The global economic crisis may be leading to a deep sense of despair among the world’s youth, warns the International Labor Organization (ILO) in a just- released report (see here and here) – with potentially damaging social and economic consequences for us all.
Youth unemployment is at its highest level since the agency began tracking it in 1991, the ILO reported, noting that among other impacts “…[i]n many countries with stagnant economies and poor prospects for productive employment, [young people are drawn to] religious sects, secular ideologies and revolutionary movements."
Although the report cites disaffected Nepalese youth and their growing attraction to Maoism, most Americans will probably be more interested in how this issue plays out in the Middle East and North Africa. That region is currently experiencing an unprecedented "youth bulge," with young people between the ages of 15 and 29 accounting for over 30 percent of the overall population, some 20 percent or more (for some countries, the estimates are over 45 percent) of whom are unemployed. Under the circumstances, the danger of a rise in radical Islamist extremism can’t be overstated – especially since, as the ILO notes, the figures for sub-Saharan Africa don’t adequately reflect the extent and extremity of the region’s poverty and lack of government services.
The problem is “staggering," according to some observers. A relatively positive CNN piece in May quotes Queen Rania of Jordan, calling youth employment in the region a "ticking time bomb."
As the ILO report notes: “A lack of decent work, if experienced at an early age, threatens to compromise a person’s future employment prospects and frequently leads to unsuitable labour behavior patterns that last a lifetime. There is a demonstrated link between youth unemployment and social exclusion. An inability to find employment creates a sense of uselessness and idleness among young people that can lead to increased crime, mental health problems, violence, conflicts and drug taking."
In other words, a youth spent on the streets, and not in the shop or in school, exacts continuing, severe social costs – even for those who are not directly affected:
The loss of income among the younger generation translates into a lack of savings as well as a loss of aggregate demand. Some youth...have to be financially supported by the family, leaving less for spending and investments at the household level. Societies lose their investment in education. Governments fail to receive contributions to social security systems and are forced to increase spending on remedial services, including on crime or drug use prevention efforts. …Focusing on youth, therefore, makes sense to a country from a cost-benefit point of view. Young people...are the drivers of economic development in a country.There are many interesting bits of information in the report, including the finding that, in developing countries, the economic crisis hit young women harder than young men, just the opposite from what occurred in the European Union and other developed economies. Young women in the Middle East and South Africa were especially hard hit.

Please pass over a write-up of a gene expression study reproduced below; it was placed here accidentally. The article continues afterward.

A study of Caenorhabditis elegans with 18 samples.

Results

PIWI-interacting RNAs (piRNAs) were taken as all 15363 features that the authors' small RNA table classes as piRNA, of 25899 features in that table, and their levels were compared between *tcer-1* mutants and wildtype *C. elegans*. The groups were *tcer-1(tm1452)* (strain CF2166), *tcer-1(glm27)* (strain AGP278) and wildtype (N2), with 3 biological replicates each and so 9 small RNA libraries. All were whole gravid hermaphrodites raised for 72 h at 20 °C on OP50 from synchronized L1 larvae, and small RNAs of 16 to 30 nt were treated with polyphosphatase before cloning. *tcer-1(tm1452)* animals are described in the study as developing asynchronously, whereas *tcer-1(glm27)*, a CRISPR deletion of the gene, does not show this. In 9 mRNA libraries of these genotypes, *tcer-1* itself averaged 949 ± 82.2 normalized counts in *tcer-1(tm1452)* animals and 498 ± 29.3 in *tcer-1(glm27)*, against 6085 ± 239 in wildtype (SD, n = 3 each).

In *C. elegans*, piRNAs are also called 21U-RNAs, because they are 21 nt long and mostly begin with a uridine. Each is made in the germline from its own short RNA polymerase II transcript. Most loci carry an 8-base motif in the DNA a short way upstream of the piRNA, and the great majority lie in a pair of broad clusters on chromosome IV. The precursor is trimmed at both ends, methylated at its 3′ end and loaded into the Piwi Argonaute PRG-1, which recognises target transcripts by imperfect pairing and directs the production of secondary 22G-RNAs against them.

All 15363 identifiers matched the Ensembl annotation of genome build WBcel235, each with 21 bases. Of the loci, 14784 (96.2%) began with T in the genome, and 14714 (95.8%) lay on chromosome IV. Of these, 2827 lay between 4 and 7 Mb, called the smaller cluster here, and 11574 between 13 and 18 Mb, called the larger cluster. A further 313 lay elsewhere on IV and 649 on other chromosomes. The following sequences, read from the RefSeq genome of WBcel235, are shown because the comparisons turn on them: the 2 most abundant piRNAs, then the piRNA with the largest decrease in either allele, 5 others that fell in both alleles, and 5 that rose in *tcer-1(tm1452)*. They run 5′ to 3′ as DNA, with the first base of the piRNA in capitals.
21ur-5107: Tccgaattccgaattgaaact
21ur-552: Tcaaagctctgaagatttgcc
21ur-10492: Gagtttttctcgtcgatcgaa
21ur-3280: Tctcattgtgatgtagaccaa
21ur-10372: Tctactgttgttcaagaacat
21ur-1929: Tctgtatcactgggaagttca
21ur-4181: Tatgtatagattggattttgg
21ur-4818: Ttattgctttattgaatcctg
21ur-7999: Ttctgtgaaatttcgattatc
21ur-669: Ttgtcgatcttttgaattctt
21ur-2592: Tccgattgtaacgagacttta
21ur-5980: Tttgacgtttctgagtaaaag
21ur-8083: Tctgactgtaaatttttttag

Although the report is gloomy overall, it does forecast that youth unemployment rates should improve in 2011, albeit slightly – but not in the Middle East and North Africa, where rates are projected to continue rising. It is an ill-omen in a part of the world that two United Nations Development Program (UNDP) reports have already singled out for low literacy rates, high adult and youth unemployment, economic underdevelopment and conflict. (See here and here). Another UNDP report, part of a program designed to address these issues, noted continuing challenges in the “knowledge” or education area, at a time when sweeping changes in technology are demanding more knowledge from everyone. (See here).
For Americans whose interest remains tethered close to home, the AFL-CIO recently examined these issues in a U.S. context, through a 2009 report, Young Workers: A Lost Decade. For example, that survey found that one-third of young workers in the U.S. can’t afford to pay their bills.
What to do? The ILO notes that, on the one hand, there are a host of interventions – such as skills training, which combines remediation programs in literacy and numeracy with job-matching vocational/technical skills programs – which have some promise. (There have to be jobs to match people to, of course). Unfortunately, there is a lack of data on barriers to labor market entry, and on which programs work for whom in which circumstances. The message, however, is clear: We must invest in young people, early and consistently - in their education, in their training, and in the “soft” life skills (the habits of punctuality and personal deportment) that are among the constraints to labor market success. On the list of urgent issues that seems to grow ever longer, it belongs near the top.